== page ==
French retailer Carrefour SA announced Friday that first-quarter sales fell, hit by lower revenue from fuel and currency pressure in emerging markets.
The company, which vies with Tesco PLC for the title of the world’s second-largest retailer after U.S.-based Wal-Mart Stores Inc., said sales for the three months ended March 30 declined 4.3% to EUR20.1 billion ($22.64 billion) from a year earlier, due in part to currency losses and lower revenue from petrol. Analysts had expected sales of EUR20 billion.
On a like-for-like basis, excluding currency and calendar effects and petrol sales, revenue rose 3.1%, following a solid performance from Carrefour’s businesses outside of France.
In France, where Carrefour does almost half of its business, like-for-like sales were flat at EUR9.3 billion. The company said, however, that food sales had grown in the first quarter for the fourth consecutive year.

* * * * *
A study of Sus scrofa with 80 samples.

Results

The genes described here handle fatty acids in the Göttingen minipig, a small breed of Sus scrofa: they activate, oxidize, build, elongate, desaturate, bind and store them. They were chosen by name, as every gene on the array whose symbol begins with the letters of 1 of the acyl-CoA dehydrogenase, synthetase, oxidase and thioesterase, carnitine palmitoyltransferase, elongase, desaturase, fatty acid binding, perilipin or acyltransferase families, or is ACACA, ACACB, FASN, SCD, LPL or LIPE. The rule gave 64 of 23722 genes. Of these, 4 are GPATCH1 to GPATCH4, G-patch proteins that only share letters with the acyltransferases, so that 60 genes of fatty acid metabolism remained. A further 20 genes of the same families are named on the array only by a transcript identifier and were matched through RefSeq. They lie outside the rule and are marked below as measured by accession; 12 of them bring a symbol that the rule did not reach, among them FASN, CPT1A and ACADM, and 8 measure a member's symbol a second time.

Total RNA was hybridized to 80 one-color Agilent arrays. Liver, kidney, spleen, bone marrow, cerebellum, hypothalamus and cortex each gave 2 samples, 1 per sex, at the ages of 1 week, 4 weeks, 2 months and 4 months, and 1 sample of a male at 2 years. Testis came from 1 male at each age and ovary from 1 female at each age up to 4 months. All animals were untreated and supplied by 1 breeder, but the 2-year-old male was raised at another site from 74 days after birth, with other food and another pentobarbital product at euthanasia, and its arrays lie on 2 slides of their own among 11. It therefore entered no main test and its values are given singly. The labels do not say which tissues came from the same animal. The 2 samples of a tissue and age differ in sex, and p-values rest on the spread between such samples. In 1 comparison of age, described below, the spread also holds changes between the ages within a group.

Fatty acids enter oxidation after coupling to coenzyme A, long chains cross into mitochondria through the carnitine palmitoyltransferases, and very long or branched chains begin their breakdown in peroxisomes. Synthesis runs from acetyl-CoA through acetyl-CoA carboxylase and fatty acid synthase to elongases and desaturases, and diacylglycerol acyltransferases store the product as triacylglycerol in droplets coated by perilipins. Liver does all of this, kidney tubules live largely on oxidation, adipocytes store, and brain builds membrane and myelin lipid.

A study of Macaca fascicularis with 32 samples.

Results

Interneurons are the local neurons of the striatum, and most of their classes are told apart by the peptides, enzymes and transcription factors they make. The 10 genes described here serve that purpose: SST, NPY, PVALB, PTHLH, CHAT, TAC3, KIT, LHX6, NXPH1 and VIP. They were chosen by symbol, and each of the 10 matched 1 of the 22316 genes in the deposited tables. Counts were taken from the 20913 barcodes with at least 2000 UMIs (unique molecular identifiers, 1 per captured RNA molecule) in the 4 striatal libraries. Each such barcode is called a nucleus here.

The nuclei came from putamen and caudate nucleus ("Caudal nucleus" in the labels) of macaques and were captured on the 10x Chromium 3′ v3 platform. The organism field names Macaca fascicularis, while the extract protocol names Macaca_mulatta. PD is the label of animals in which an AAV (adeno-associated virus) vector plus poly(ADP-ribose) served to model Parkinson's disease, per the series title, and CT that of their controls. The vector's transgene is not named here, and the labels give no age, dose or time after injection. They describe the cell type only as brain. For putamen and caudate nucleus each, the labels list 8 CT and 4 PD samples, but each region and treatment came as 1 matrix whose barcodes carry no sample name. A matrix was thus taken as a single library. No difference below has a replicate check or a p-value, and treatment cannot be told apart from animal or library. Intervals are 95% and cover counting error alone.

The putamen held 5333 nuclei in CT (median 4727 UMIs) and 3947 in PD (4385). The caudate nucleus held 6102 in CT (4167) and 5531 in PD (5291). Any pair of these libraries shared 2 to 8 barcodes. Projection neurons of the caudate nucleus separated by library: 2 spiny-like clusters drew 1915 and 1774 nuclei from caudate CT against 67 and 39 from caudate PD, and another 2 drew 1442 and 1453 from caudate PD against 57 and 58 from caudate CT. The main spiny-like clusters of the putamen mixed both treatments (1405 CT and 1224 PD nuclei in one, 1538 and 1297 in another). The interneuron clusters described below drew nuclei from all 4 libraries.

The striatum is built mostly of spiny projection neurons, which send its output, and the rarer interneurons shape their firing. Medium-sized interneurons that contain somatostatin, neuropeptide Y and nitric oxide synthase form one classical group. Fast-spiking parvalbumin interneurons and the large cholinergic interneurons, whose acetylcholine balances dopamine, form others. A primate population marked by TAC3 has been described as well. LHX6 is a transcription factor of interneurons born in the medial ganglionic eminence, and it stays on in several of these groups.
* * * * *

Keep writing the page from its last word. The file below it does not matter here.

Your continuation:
International sales grew 5.3% on a like-for-like basis, with Latin America the standout performer. In Brazil, where the economy is in recession, sales grew 9.9% as all Carrefour’s formats expanded. Asia sales fell 4.9% on the same basis as the retailer continues to restructure its operations in China.
With currency effects included, however, sales in Latin America were down 15%, within which Brazil fell 13%, while sales in Asia were down 7.1%.
Chief Executive Georges Plassat took the helm of Carrefour in 2012 after the retailer endured years of declining sales and strategic missteps. Having returned the company to growth, Mr. Plassat is now restructuring Carrefour’s operations in China and working to increase nonfood sales in Europe. He is also seeking to reduce Carrefour’s reliance on large hypermarkets, which account for roughly 50% of the company’s sales, in favor of smaller convenience stores.
On Thursday, rival Groupe Casino SA reported an 11% decline in first-quarter revenue, as the supermarket operator’s exposure to Latin America offset sales growth in France.
Pierre-Jean Sivignon, Carrefour’s chief financial officer, said analyst expectations for earnings before interests and taxes of EUR2.5 billion for the current year seemed “reasonable.”